An employee serves customers inside a branch of Gramin Bank of Aryavart, sponsored by Bank of India, in the village of Khurana, Uttar Pradesh, India. (Photographer: Prashanth Vishwanathan/Bloomberg)

Government Identifies Four Regional Rural Banks For IPOs This Year 

The government has identified four regional rural banks for listing on the stock exchanges in line with the Union Budget 2018-19.

Guidelines for the listing are almost ready, and entail details like the quantum of stake dilution, the instrument to be floated and category of possible investors in the public issue, sources said. The four RRBs are eligible to come out with initial public offerings and they may hit the capital market this year, they said.

It is proposed to allow strong RRBs to raise capital from the market to enable them to increase their credit to the rural economy, Finance Minister Arun Jaitley had said in his Budget speech earlier this year.

In a bid to make RRBs eligible to successfully raise capital from the market, a slew of reforms have been implemented, including compliance with corporate governance, technology upgradation, and capacity building.

There are 56 RRBs in the country with a combined balance sheet size of Rs 4.7 lakh crore. Of these, 50 are in profit, according to financial statements of RRBs for March 2017, released by the National Bank For Agriculture and Rural Development.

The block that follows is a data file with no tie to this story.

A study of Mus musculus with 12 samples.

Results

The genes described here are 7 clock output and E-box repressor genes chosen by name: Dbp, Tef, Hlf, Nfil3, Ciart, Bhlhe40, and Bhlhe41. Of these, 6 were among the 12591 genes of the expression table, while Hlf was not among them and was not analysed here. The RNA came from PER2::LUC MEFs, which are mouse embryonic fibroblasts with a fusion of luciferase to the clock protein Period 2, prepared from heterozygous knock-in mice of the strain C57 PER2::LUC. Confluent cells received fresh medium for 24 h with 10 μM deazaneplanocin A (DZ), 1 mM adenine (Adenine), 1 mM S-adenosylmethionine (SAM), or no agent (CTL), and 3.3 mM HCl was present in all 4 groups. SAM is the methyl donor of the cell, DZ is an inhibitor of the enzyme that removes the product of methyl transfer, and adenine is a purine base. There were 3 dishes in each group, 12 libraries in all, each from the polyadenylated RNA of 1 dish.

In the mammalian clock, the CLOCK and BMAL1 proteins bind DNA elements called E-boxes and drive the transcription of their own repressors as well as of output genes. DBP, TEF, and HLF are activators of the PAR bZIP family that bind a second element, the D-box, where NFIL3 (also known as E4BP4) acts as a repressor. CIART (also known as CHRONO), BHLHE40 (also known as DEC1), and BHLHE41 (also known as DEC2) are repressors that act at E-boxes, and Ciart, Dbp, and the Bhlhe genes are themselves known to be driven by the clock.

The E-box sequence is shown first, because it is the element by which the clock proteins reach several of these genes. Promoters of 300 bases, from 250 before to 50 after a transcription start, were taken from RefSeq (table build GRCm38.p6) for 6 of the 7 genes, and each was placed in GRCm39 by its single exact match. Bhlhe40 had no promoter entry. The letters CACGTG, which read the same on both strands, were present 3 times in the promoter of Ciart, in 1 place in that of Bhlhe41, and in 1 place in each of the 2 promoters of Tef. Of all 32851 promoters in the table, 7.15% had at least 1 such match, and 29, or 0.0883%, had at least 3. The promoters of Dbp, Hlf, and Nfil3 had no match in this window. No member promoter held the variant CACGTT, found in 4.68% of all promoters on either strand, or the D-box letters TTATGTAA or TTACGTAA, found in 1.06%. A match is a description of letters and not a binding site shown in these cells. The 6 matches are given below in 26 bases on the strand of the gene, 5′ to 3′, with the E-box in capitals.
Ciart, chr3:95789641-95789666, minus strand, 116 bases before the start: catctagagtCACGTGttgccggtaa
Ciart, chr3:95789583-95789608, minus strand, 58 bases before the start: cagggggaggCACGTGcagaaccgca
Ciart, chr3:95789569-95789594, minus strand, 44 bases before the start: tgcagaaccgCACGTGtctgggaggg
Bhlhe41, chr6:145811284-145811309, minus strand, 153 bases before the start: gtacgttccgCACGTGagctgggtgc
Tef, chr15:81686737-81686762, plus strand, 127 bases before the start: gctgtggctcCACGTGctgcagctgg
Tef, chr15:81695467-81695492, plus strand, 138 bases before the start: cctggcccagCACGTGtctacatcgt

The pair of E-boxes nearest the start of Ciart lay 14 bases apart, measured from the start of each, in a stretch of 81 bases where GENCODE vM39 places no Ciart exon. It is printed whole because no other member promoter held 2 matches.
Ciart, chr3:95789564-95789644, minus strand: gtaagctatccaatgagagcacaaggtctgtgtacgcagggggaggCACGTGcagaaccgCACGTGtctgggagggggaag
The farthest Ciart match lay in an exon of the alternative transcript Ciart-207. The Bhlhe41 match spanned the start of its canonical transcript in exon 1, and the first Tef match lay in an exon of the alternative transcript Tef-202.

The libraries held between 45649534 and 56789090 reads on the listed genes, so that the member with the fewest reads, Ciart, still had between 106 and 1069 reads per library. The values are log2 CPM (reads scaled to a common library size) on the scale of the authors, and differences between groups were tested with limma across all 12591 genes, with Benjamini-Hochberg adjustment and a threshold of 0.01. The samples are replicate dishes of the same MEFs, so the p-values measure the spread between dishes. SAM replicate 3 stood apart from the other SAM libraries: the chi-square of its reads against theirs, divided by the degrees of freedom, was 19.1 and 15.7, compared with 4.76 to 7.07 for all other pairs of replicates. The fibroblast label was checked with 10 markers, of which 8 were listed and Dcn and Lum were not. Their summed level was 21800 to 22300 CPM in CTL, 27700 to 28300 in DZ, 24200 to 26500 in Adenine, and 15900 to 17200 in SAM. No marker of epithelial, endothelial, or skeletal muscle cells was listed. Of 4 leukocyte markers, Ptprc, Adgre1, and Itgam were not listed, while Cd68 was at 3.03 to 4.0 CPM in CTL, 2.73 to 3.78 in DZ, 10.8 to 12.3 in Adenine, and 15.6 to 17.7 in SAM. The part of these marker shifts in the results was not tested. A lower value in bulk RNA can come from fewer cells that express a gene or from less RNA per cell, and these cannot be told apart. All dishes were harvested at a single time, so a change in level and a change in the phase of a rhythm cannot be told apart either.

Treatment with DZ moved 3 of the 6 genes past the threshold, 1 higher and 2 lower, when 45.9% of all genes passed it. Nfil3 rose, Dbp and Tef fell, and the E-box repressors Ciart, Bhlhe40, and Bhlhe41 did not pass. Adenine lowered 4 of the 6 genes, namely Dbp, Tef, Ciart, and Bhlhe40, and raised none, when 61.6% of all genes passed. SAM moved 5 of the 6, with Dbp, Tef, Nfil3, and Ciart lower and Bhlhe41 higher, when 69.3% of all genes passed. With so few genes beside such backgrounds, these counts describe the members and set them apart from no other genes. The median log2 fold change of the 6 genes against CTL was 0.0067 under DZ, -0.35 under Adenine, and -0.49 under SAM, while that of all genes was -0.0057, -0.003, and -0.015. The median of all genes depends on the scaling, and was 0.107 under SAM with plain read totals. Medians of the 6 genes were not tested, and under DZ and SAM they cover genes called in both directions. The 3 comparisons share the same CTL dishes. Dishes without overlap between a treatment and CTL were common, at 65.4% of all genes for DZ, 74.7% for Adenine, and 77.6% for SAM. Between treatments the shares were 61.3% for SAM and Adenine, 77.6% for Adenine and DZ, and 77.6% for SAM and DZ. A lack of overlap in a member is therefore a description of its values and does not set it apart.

RRBs operating through about 21,200 branches witnessed a 17 percent rise in net profit to Rs 2,950 crore in 2016-17. Their loans and advances outstanding under various schemes rose 15 percent to Rs 3.5 lakh crore as of March 2017.

These banks were formed under the RRB Act, 1976 with an objective to provide credit and other facilities to small farmers, agricultural labourers and artisans in rural areas. The act was amended in 2015 whereby such banks were permitted to raise capital from sources other than the Centre, states and sponsor banks.

Currently, the Centre holds 50 percent stake in RRBs, while 35 percent and 15 percent stake are with sponsor banks concerned and state governments, respectively.

Even after stake dilution, the shareholding of the Centre and sponsor public sector banks together cannot come below 51 percent according to the amended act. As a result, the ownership and control would remain with the government.

In order to improve the financial health of RRBs, the government initiated the consolidation of RRBs in a phased manner in 2005.